This article helps us to understand why most of us need a cocktail of prescribed medicines to treat and prevent hypomania, mania, depression, anxiety, insomnia, etc. In summary, there is no one medication that can treat all of these conditions and symptoms.
People who are diagnosed bipolar should expect to need two or more medications because there are four general concerns: (1) short-term treatment of mania, (2) long-term prevention of mania, (3) short-term alleviation of depression, and (4) prevention of relapse into depression.
No known single medication accomplishes all of these goals. https://www.ncbi.nlm.nih.gov/b...
"8.1.3. Mood stabiliser – a term best avoided
There is confusion over what the term ‘mood stabiliser’ refers to. Although the term is widely used in clinical practice, there is no universally accepted definition. The most rigorous definition of a mood stabiliser is that it is a drug that treats both poles of bipolar disorder and is protective against a return of both poles (Bauer & Mitchner, 2004).
A less stringent criterion is that it is an agent that is effective in treating one pole of the disorder and in preventing a recurrence at that pole but that does not increase the risk of the opposite pole of the illness appearing.
Adopting either criterion still leaves open the issues of how one (1) defines effectiveness, that is, what additional benefit above placebo is required to regard a drug as effective and (2) how one distinguishes between acute and maintenance treatment.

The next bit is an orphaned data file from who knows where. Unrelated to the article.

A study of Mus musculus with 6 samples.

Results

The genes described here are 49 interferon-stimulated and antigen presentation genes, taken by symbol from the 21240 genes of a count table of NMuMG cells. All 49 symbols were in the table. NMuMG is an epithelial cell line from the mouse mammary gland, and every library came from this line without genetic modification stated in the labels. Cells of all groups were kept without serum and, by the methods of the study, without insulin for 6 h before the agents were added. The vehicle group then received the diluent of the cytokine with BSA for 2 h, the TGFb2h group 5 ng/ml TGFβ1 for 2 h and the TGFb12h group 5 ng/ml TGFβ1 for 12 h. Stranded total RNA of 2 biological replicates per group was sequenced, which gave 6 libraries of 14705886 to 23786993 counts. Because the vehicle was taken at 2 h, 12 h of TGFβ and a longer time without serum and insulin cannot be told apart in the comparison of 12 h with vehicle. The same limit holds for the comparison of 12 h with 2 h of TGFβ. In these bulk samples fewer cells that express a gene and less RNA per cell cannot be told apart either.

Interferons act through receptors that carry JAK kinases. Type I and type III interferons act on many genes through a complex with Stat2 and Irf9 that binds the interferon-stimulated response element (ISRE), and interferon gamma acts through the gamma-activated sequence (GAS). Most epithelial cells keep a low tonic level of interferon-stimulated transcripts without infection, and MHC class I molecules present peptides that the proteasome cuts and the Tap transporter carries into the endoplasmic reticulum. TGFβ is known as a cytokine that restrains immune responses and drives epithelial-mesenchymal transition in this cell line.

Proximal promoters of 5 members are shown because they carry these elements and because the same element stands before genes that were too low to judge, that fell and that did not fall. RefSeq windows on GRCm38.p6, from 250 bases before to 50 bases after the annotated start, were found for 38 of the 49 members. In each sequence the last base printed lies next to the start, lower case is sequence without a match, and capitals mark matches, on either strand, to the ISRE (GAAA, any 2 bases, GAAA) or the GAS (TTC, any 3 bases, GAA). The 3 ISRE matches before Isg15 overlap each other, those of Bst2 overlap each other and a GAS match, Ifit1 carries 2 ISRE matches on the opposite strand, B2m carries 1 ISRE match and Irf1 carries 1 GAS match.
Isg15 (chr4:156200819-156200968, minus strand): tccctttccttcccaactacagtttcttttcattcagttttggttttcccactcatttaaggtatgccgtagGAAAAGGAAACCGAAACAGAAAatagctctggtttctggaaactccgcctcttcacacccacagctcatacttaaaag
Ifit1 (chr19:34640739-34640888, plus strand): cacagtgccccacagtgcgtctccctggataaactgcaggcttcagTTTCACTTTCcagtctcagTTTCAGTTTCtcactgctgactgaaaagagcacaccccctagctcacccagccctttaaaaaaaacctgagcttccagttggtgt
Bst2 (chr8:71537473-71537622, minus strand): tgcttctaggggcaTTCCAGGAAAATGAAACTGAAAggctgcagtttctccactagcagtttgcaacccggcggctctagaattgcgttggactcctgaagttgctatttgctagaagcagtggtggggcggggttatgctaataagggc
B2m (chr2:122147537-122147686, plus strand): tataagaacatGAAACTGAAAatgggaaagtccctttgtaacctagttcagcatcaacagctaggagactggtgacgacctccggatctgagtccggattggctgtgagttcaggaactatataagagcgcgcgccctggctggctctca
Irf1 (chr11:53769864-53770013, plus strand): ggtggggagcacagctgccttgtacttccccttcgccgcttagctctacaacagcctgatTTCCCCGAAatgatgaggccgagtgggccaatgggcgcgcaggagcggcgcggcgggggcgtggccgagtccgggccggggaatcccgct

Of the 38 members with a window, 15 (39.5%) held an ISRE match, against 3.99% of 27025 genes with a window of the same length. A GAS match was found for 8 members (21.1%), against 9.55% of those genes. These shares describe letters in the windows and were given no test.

It has been argued that the most stringent definition of a mood stabiliser (that is, a drug that has short and long-term efficacy at both poles) is only fulfilled by lithium. However, even with lithium the data relating to efficacy in the treatment of bipolar depression is limited and that which does exist indicates only a modest effect.
In contrast there is stronger evidence that lithium is effective in the acute and long-term treatment of mania. If one required evidence from at least two RCTs to indicate a clinically significant benefit in the acute and long-term treatment of both phases of bipolar disorder (that is, efficacy in four separate domains) then no drug would fulfil the criteria for a mood stabiliser.
For this reason the less stringent criterion of acute and long-term efficacy and prophylaxis at one pole, without evidence of a worsening of the opposite pole, seems a more clinically useful definition and is the one that is adopted by many professionals.
Even this restricted definition of a mood stabiliser is associated with problems. The term may imply that these drugs cause absolute tranquillity of mood in any setting; in reality RCTs indicate that drugs labelled as mood stabilisers are effective, to varying degrees, in the treatment and prophylaxis of a limited number of affective syndromes in bipolar disorder, with most RCTs being limited to major depression or mania.
To extrapolate from this to assume that these drugs are effective in sub-syndromal forms of these syndromes plus other affective states is to go beyond the evidence.
For some patients the idea of a mood stabiliser, perceived as a drug that ‘flattens’ mood, may be off-putting. Another concern is that ‘mood stabiliser’ becomes a marketing label used by the pharmaceutical industry to promote drugs in bipolar disorder.
In this context the term ‘mood stabilisers’ may lead prescribers to conclude all so-called ‘mood stabilisers’ have identical properties rather than to question the evidence for each drug in turn."